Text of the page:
Saturday, September 18, 2010

Beyond one-dimensional politics

Politics in this country consists of well-fingered beads strung along a thin, frayed thread.

It is a short thread indeed. It stretches mere inches from liberal-centrist to conservative. We aren’t even sure what those terms mean beyond slogans. Most slogans in this political season come from the Right. “Big” government, "tax cuts," and “nanny state” dominate a campaign notable for its lack of serious, civil and thoughtful debate.

There’s plenty of reason for voters to be frustrated and angry. I’m one of them, but my frustration and anger are over this campaign season's lack of substance and solutions.

I’m also frustrated that the extreme political Right has managed to capture the support of my fellow frustrated and angry Americans by using bogus bromides that will only make matters worse. How do you lower the deficit by cutting taxes and fighting costly wars?

And I’m frustrated with the liberal centrists for their failure to stand for anything beyond tinkering with "fiscal mechanisms" and throwing gobs of our money at banks and insurance companies.

Our narrow, one-dimensional way of viewing politics doesn’t allow us to even frame the problems, let alone find solutions.

Where, for instance, does global warming and destruction of the planet fit along the spectrum? The oil interests would like to tar climate change as a “liberal” issue, and so, with large infusions of oil money, it has become politicized — to the peril of us all.

What about inequity in everything from schools to health care to income. Why isn’t the Tea Party taking on inequity? Instead of attacking reforms, it should be calling for more of them. Could the answer be that the Tea Party is paid for by the self-serving rich with their private schools, their platinum health care plans, their gated third homes, and their grotesque compensation packages?

The Tea Party folks need to ask who the real beneficiaries will be if the Tea Party wins in November?

(Full disclosure: I'm hardly rich but I've benefited from a private school education. I've used that education and my experience to teach at community colleges and state universities.)

With a former community organizer in the White House you might expect some discussion about community. This country was once seen as a nation of vibrant barn-raising communities. But what does it mean to be a community in today's Wal-Mart world? If communities really exist, how can they solve their own problems?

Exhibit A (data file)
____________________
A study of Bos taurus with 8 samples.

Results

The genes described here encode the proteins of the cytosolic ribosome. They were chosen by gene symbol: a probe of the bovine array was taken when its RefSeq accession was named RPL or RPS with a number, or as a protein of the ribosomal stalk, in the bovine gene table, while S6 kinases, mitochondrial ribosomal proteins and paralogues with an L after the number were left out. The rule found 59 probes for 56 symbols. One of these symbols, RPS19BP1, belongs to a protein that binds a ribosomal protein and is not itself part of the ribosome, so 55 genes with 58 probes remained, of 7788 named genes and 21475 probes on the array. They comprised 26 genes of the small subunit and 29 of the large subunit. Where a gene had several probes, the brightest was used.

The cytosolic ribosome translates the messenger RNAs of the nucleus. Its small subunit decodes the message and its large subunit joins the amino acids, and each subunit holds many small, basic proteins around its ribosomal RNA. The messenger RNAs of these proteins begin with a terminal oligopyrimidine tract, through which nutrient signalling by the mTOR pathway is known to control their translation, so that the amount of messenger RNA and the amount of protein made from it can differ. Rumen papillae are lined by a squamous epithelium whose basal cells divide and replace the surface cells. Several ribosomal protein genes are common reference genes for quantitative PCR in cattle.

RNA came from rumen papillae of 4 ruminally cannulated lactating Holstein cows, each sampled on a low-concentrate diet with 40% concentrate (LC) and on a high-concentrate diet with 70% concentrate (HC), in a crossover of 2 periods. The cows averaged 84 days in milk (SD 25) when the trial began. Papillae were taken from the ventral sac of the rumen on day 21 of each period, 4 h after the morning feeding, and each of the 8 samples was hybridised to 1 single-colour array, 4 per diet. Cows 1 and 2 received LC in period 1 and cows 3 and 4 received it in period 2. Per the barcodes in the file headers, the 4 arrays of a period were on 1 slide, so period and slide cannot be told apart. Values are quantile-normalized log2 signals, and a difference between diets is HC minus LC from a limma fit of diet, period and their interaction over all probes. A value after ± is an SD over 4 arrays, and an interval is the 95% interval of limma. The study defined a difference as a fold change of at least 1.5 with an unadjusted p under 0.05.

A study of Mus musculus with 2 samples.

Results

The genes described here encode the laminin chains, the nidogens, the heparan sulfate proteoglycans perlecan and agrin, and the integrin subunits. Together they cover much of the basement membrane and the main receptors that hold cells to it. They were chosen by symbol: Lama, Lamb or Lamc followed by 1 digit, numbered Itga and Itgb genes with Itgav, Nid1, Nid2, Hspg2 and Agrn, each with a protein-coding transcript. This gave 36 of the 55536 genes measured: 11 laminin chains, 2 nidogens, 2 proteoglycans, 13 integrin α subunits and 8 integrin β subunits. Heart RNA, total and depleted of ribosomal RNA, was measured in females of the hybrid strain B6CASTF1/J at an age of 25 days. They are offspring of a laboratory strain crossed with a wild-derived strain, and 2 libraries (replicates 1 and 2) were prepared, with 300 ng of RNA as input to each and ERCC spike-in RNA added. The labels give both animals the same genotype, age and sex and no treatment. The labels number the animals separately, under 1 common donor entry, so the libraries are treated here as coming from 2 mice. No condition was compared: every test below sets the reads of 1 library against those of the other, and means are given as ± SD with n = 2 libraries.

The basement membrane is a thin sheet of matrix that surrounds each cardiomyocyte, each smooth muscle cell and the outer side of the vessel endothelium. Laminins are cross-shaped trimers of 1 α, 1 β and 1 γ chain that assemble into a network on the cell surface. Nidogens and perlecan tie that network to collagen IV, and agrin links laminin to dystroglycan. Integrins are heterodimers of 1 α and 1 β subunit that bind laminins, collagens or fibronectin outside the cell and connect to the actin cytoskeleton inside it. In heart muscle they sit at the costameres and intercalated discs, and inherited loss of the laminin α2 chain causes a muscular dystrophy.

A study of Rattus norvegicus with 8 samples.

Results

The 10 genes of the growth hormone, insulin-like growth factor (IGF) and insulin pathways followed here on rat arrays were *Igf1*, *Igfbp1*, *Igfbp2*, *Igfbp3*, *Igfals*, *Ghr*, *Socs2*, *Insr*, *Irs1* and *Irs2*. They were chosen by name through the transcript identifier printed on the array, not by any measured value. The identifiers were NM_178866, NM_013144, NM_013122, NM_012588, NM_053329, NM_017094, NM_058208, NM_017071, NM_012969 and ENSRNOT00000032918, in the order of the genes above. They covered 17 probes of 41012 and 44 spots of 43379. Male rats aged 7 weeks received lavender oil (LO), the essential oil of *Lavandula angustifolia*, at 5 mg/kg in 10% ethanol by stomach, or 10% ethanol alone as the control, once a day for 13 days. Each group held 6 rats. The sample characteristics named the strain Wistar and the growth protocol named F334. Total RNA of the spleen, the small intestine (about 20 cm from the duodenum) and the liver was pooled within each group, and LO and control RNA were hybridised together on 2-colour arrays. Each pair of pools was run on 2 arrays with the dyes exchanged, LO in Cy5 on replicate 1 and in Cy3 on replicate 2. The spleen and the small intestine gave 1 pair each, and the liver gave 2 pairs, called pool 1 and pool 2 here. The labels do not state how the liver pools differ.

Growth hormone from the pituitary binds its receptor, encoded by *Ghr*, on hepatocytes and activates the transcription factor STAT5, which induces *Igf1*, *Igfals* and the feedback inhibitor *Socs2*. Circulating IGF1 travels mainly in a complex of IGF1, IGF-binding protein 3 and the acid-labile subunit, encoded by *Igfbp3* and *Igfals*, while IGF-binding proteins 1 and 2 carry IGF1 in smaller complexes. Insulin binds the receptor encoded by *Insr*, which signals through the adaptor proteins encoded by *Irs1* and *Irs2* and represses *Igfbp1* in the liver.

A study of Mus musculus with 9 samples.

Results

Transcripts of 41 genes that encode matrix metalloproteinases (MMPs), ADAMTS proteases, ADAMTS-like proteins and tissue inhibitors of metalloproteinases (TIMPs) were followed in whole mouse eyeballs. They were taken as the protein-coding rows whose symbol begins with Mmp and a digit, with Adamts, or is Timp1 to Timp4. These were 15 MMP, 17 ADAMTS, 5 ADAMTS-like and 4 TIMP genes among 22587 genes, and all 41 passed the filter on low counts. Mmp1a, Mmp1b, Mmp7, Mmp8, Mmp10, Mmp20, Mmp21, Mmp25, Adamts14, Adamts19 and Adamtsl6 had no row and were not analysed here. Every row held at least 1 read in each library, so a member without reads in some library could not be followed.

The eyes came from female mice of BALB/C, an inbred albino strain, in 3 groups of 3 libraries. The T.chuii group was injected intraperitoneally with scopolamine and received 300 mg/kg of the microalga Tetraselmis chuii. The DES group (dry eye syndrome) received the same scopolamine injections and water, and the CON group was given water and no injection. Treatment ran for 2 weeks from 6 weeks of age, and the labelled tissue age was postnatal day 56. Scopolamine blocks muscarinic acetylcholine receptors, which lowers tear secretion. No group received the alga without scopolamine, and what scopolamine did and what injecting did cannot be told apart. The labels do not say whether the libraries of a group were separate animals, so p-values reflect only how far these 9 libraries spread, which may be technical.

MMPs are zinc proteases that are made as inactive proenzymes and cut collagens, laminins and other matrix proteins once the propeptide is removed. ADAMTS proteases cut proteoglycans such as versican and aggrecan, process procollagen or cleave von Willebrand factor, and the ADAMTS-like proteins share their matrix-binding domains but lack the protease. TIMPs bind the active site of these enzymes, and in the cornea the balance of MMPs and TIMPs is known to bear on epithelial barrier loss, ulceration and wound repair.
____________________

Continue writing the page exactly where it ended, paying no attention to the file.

What about corporate control of communication? Is the control of media by corporations destructive of our society and its values? Have media brainwashed us into our narrow, dumbed-down thinking — political and otherwise? And I'm not just talking about FOX News.

The answers are clearly yes. but what can be done about it?

We need to get down to non-partisan basics.

Let's ask what would it take to make people in this country truly free. Free of poverty, free of ignorance, free from prejudice, free of war, free of debt, free of homelessness? What would it take to make this truly a land of equal opportunity?

Does government have a role in achieving these ends? If so, what should it be? And at what cost — to freedom and to our pocket books?

In this frenzied election season of frustration and anger, I haven’t heard a single political voice that is fresh and independent, that addresses my own frustration and anger. I haven't heard a single voice that poses basic questions offers innovative answers to the colossal problems we face.


Amsterdam overwhelmed with bicycles

A bicycle can be a thing of beauty, as seen in the above photo from Denmark. And when a society makes bicycling safe and easy, as in Denmark and the Netherlands — countries I recently visited — hordes of folks use bikes.

They are, as more and more Portlanders are discovering, cheap, non-polluting and beneficial to your health.

That’s all to the good. But in Amsterdam, where the bike rules the right of way, I noticed what Amsterdam residents no longer apparently see. Bicycles in vast numbers clutter the otherwise gorgeous city. They are locked in tangled rows along the canals. Many seem abandoned. They litter the sidewalks. They seem to propagate over night in a maze of tubing and spokes.

They say that Amsterdam has one bicycle per resident. Don’t believe it. My unofficial count found that it has at least 10 per resident.

No bicyclist wears a helmet. Children ride on fenders and cross bars. And while pedestrians, bicyclists and motorists manage to mingle gingerly and make way for each other, all are on constant alert for mayhem. Among the jumble of bikes are the unrideable, crippled by tell-tale twisted wheels and bent frames.

A pedestrian trying to cross a major thoroughfare in Amsterdam must first negotiate the busy, red-paved bike lane, then scramble across the motor lane, then the trolley tracks.

That gets you half way across the street, where you may or may not find a safety island.

Then it’s back across the trolley right of way, the motorway, and the bike way until you find yourself on the sidewalk, where you often compete for space with a jumble of parked bikes.

I do believe that Amsterdam has reached and perhaps exceeded some kind of critical mass regarding the bike.

Then again, only a foreigner may notice.

It’s a little like our not seeing the blight of overhead utility wires in our own city. Amsterdam, like the other European cities and towns I visited, has buried them all. Likewise, billboards on highways are out of the question. Obviously the culture cares enough about the public space to protect it from blight — except for when it comes to bicycles.

One other cultural observation worth noting but apropos of I’m not sure what: famously free-wheeling Amsterdam also has made prostitution and pot legal.

Despite its chaotic jumble of bikes, the city thrives on its choices and freedoms.